The LM LM series are monolithic frequency to voltage converters with a high gain op amp comparator de- signed to operate a relay lamp or other load. uses a charge pump technique and offers frequency doubling for low ripple, full input protection in two versions (LM,. LM) and its. The LM, LM series are monolithic frequency to voltage converters with a high gain op Details, datasheet, quote on part number: LM
I’m stuck with a pin LM – i’ve got an 8-pin on order now, but damn it, I want to get this to work. I’ve built this on a breadboard using a modified version of http: I have then used the datasheet as well as this schematic to convert to 14 pin And heres my breadboard layout: To help save hands, I hooked an LED up to the output signal.
I’m not game to hook it to my ‘duino nor can I be buggered going out to the bike yet I then have another supply, also grounded to the common ground, thats 14V.
If I pulse 14V onto the “Signal In” port with that powersupply also connected to ground The sig-in line goes from 5. I’ve played around with a few variations. Its driving me nuts Im guessing now totally that my ‘test powersupply’ is putting 70ma across the base of thewhich is saturating it.
I feel well past my depth trying to sort this out Can anyone offer some guidance? Datawheet LM’s datasheet is at http: Checkout my projects development blog SLiDA. How are you pulsing the 14V? That chip is made to detect RPM, most engines Idle rpm-ish, so you’re going to need a bunch of pulses or it’s going to measure 0.
Ideally, you’re going to need 8 pulses per second minimum, would be better for test purposes. Yeah – I figured that i needed a decent ‘frequency’ Now slightly more awake – Im thinking the grounding of the negative SigIN is ‘producing’ a voltage because it causes the various caps to discharge – not because it actually runs through the IC Once it stops raining here, I’ll drag it out and put it onto the bikes injector input at least and see if that makes it behave better I think the problem is my Internal Zener references.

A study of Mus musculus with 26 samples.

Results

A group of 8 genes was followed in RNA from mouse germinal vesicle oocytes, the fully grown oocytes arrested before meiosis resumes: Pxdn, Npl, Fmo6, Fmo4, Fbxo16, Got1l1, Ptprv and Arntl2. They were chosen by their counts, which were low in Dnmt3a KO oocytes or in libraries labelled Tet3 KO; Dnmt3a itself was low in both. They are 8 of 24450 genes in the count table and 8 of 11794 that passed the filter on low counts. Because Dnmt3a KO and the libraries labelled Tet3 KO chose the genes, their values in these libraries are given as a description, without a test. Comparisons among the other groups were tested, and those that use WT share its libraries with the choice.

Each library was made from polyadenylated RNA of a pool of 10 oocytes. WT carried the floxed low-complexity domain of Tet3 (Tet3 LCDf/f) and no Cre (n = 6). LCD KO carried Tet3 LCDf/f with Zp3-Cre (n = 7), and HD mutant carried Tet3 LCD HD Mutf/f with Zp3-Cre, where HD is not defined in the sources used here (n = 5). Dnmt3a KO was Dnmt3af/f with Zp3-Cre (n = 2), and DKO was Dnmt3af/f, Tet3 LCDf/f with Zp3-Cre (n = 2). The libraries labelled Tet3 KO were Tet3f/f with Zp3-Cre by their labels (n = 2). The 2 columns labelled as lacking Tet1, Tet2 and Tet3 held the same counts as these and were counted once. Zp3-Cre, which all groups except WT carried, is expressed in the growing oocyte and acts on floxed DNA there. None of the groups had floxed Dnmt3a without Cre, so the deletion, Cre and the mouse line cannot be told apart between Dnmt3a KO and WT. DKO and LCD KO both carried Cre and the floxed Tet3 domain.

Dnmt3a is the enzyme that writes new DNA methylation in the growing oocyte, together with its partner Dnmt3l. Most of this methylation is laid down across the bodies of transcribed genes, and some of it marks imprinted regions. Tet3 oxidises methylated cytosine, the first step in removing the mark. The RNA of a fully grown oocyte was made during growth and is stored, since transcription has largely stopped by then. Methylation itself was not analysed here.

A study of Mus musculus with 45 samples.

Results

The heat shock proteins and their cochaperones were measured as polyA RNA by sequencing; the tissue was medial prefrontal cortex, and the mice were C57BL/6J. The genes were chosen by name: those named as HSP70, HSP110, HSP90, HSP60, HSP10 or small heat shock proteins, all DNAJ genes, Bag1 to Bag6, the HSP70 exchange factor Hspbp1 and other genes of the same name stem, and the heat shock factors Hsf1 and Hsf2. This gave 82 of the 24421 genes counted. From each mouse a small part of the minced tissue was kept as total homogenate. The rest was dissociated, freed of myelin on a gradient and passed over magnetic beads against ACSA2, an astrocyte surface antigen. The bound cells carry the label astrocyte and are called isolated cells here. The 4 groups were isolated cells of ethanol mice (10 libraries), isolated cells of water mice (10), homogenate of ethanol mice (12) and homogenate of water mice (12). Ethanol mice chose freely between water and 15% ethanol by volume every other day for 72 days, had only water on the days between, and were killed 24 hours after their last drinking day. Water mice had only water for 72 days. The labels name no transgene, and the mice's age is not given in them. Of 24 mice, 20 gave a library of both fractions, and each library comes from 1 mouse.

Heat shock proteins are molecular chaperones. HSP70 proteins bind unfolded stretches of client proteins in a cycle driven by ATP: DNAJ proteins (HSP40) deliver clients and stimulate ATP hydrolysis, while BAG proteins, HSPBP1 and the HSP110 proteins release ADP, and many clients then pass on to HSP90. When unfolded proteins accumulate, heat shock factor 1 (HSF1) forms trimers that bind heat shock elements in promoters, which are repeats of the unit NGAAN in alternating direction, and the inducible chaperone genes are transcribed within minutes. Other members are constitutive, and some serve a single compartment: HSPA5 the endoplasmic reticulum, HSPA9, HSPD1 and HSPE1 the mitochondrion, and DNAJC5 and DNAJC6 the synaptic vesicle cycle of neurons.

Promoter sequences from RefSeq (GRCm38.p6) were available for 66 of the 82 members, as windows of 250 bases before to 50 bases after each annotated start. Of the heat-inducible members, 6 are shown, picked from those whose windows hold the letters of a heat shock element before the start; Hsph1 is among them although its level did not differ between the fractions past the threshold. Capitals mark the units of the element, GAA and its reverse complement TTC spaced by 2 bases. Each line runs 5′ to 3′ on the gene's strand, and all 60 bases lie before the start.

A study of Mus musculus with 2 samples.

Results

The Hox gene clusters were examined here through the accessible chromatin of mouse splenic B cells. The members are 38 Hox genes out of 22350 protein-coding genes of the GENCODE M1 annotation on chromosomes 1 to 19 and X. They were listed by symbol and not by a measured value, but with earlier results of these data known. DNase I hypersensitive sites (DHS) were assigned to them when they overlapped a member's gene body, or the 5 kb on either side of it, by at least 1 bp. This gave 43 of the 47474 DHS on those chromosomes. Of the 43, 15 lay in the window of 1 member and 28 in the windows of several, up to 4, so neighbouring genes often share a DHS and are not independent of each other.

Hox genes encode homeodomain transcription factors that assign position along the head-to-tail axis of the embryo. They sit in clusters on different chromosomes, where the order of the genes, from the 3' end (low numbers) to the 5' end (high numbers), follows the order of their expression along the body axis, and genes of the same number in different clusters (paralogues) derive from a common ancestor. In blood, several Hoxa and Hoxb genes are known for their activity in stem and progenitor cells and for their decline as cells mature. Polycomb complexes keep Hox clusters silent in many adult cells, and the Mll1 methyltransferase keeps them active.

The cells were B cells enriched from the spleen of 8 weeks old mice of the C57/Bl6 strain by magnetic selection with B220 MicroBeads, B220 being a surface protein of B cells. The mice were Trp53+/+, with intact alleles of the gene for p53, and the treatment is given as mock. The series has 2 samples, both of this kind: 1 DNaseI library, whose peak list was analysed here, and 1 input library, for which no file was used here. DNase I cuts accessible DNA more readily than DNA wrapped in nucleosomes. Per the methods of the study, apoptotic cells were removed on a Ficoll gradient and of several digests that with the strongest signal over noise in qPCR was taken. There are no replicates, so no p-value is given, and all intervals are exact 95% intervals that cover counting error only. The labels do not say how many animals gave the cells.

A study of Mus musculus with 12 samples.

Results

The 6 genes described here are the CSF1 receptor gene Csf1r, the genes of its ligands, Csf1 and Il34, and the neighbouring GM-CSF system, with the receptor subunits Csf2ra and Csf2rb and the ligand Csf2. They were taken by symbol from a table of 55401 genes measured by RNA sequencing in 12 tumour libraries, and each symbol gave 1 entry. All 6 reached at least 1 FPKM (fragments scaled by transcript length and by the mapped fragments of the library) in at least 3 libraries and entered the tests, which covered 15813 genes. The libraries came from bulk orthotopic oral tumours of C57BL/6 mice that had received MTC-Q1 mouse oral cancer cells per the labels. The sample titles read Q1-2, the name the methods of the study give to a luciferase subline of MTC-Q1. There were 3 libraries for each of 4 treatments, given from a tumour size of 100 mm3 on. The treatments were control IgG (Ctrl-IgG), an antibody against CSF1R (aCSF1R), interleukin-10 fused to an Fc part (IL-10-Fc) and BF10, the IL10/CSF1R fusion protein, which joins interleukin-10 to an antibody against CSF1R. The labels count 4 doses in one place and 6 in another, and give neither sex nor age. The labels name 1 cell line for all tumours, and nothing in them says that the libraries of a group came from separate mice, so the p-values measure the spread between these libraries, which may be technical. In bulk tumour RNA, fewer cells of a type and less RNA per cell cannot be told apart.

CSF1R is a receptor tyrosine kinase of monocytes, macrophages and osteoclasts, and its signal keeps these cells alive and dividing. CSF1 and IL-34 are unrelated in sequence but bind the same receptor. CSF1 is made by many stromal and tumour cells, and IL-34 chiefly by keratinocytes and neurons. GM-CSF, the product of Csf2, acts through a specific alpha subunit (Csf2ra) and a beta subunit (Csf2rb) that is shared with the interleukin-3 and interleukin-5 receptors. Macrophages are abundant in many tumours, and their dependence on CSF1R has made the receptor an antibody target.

I think you problem lies with the input circuitry of the LM Pin 11 and Pin 1 are the two inputs of a voltage comparator. You have fixed Pin 11 at about 0.
Problem with LM Tach Circuit – 14 Pin version
Therefore to get the chip to do anything you have to take pin 1 above and below this point. However you have no DC biasing on Pin 1 so it will just swing about with the AC coupled input and not do anything.
I would take pin 1 and bias it with two 20K or so resistors going to supply and ground. Then put a 10K resistor to the cathode of D3 and the other end of it to ground. Then you stand a chance of getting the input to switch.